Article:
Jacobs Journal of Surgery
Articles in Press
Volume 2 Issue 3
A Rare Case of Colon Perforation due to Colon Diverticulitis and Adenocarcinoma
Ping-Tze Chen MD, Chi-Yi Lin MD, Hong-Ming Chao MD
Colon perforation initially presents as peritonitis but can rapidly progress to septic shock, which has a high mortality rate. Here, we report on a 79-year-old male with a history of past asthma and type II diabetes mellitus. The patient presented to the emergency department after suffering from abdominal pain and tarry stool for several days. His vital signs were normal; however, a blood test revealed elevated levels of band form neutrophils. A physical examination further revealed diffuse abdominal tenderness and muscle guarding.
Nephroprotective Strategy in Aortic Surgery: A Review of 3 Cases
Bryce Renwick, Mohammad Goodarzi, Daniel Forbes, Colette Pickard, Donald Bain, Raj Velu, Doanld B Reid
Close liaison between urology and vascular teams is an essential component of modern aortic surgery. The close anatomical relations of the aorta and urinary tract, together with the unique demands placed on the renal tract by aortic surgery, necessitate that safe and effective aortic intervention can only be achieved with an optimised nephroprotective strategy.
Total Thoracoscopic Anatomical Right S1a+S2a Bisubsegmentectomy
Taijiro Mishina, MD PhD*, Atsushi Watanabe, MD PhD, Masahiro Miyajima, MD PhD, Junji Nakazawa, MD
Total thoracoscopic segmentectomy or subsegmentectomy is a very difficult procedure for early stage non-small cell lung cancer. There are few reports on thoracoscopic subsegmentectomy. A 63-year-old male with gradually enlarging ground glass lesions in right lung segment 2 was admitted to our institute for surgical diagnosis and treatment. Preoperative threedimensional computed tomography precisely showed the tumor location in intersegmental plane between segment 1 and segment 2, and the complex segmental/subsegmental vessel structure.
Adult Infected Salmonella Complicated with Appendicitis
Chung-Yen Lin# MD, Hsuan-Chu Hsu# MD, Chi-Yi Lin MD, Hong-Ming Chao* MD
Salmonella is transmitted via a variety of consuming contaminated food products or water. The incidence of non-typhoidal Salmonella infection increased steadily in the past two decades. Enteric infection in many people is clinically mild and selflimited or even asymptomatic. However, some serious complications have been reported in children. This report described a case of adult woman who presented with symptoms including right lower quadrant abdominal pain, nausea and vomiting, fever, and diarrhea for one day at emergency room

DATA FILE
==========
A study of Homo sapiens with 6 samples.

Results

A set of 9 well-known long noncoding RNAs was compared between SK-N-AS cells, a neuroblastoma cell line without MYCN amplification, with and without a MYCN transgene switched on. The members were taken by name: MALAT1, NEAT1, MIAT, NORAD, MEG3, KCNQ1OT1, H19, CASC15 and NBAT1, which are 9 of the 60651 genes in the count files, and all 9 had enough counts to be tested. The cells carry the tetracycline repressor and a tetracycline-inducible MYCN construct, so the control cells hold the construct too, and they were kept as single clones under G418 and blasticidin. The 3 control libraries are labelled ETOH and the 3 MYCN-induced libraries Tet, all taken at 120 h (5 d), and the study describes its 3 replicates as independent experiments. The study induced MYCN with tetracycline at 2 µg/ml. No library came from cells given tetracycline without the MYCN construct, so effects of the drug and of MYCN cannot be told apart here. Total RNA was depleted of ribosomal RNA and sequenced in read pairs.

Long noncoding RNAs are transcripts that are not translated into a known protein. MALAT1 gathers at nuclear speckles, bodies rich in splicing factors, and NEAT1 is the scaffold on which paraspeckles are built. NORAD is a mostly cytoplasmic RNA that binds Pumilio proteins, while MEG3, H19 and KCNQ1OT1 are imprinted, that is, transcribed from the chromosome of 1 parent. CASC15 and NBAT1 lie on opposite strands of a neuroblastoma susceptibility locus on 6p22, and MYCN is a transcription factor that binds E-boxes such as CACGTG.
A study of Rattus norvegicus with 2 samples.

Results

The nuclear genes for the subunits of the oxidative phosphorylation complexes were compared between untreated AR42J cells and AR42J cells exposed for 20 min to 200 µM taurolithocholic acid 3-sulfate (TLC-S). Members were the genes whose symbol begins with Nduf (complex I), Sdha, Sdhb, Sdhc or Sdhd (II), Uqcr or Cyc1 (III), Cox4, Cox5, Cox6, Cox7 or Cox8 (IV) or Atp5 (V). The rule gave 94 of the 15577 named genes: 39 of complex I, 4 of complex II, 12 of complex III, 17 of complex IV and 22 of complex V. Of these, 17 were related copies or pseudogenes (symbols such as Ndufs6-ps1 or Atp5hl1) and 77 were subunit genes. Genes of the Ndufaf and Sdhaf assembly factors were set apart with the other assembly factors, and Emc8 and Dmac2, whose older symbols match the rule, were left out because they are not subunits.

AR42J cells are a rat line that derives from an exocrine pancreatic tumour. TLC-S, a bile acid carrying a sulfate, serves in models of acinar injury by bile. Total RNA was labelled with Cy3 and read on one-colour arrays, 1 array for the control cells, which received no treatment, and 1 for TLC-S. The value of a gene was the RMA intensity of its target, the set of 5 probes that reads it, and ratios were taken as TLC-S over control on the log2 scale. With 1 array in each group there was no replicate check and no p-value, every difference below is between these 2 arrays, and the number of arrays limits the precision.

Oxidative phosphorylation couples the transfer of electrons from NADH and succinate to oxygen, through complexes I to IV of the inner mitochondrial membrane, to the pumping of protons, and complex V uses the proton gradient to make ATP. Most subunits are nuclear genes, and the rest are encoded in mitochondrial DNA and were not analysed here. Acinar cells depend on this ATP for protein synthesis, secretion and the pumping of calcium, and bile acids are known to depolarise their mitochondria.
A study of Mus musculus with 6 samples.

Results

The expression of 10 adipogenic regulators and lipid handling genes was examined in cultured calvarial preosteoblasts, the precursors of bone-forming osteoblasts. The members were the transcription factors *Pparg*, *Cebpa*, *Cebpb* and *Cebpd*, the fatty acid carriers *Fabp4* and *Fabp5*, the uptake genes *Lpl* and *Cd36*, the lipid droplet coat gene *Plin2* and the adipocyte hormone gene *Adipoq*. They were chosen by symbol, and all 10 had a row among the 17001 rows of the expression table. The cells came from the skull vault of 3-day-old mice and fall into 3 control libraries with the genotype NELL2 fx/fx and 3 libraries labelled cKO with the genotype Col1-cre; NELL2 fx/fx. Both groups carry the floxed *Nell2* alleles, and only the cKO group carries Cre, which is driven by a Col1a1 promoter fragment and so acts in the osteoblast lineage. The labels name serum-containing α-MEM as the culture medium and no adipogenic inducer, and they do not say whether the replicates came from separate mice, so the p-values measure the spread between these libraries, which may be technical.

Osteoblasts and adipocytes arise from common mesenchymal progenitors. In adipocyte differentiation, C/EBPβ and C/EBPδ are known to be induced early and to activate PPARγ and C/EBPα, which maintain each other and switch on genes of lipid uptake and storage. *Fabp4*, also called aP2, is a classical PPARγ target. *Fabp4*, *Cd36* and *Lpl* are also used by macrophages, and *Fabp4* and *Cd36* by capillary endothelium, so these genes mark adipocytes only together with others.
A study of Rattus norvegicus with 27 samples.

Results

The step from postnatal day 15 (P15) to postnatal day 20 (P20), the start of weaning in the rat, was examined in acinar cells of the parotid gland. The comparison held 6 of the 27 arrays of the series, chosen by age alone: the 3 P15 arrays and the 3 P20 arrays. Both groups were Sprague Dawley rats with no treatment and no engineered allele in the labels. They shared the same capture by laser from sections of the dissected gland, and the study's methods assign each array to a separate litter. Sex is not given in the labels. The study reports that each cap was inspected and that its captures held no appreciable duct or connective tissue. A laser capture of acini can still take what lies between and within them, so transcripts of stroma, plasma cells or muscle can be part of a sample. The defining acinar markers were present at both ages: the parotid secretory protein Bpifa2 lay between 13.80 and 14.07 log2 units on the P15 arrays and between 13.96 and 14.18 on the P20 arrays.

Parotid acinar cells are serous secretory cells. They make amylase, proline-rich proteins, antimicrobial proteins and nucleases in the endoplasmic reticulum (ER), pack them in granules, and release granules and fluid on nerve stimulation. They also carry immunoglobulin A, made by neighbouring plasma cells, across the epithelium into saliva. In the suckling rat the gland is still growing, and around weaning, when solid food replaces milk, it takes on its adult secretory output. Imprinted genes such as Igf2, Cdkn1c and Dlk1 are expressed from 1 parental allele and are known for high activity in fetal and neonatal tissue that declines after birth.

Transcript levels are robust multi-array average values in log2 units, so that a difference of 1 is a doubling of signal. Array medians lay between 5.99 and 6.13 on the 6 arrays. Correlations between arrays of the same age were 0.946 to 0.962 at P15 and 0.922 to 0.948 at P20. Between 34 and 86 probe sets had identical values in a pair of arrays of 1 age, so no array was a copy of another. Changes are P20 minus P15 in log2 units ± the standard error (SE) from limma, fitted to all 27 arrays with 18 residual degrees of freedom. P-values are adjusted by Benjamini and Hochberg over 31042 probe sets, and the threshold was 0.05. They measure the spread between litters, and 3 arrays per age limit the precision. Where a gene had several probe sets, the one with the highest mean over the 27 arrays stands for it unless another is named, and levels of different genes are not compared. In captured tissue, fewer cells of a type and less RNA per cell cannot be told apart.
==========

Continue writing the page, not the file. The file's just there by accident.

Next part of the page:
Inguinal Hernia with Tuberculous Peritonitis: A Case Report and Literature Review
Kai Min, Hui Xia#, Cheng Zhou*, Qing-bin Meng, Biao Wu, Jun Ren, Feng-yu Cao, Wojciech Konrad Karcz
A rare case of inguinal hernia with tuberculous peritonitis is described, as well as a review of the pertinent literature. A 56-year-old male patient admitted to our emergency department because of reducible mass presenting in his left inguinal region. After preoperative preparation, we did a laparoscopic totally extraperitoneal hernia repair (TEP) for this patient. During TEP, we unexpectedly found tuberculous peritonitis, which was confirmed by postoperative pathology. With this case report and review, we hope the relevant knowledge about such rare situation, the inguinal hernia coexist with tuberculous peritonitis, could be augmented, and helps might be offered on early diagnosis and treatment of abdominal tuberculosis.
Modified Insall Procedure for Recurrent Patellar Dislocation: A Case Report of Four Cases
Takatomo Mine, M.D*, Koichiro Ihara, M.D, Hiroyuki Kawamura, M.D, Ryutaro Kuriyama, M.D, Ryo Date, M.D, Kazuki Chagawa, M.D
Many surgical techniques for the treatment of recurrent patellar dislocation have been described in the literature. We report four cases of recurrent patellar dislocation in which the patients underwent arthroscopic lateral release and advancement of the medial patellofemoral ligament (MPFL). The attachments between the MPFL and the peripatellar retinaculum and periosteum were strengthened with 2 anchor sutures and Ethibond sutures. The patients’ symptoms improved after surgery, and no recurrence of their symptoms has been observed since. Our procedure is simple and minimally invasive.
Nutrition and Survival of Patients with Head and Neck Cancers after Pharyngo-Laryngo-Esophagectomy followed by Free Jejunal Reconstruction
Masahide Ikeguchi*, Yoji Fukumoto and Hiroaki Saito
Locally advanced carcinomas arising in the hypopharynx, cervical esophagus, or thyroid have been traditionally treated by resection of the hypopharynx, larynx, and cervical esophagus, respectively. Among the various methods of reconstruction, we previously reported the postoperative nutritional advantages of free jejunal graft reconstruction. In the present study, we retrospectively analyzed the correlation between postoperative nutritional status and the survival of patients treated at a high-volume center in Japan.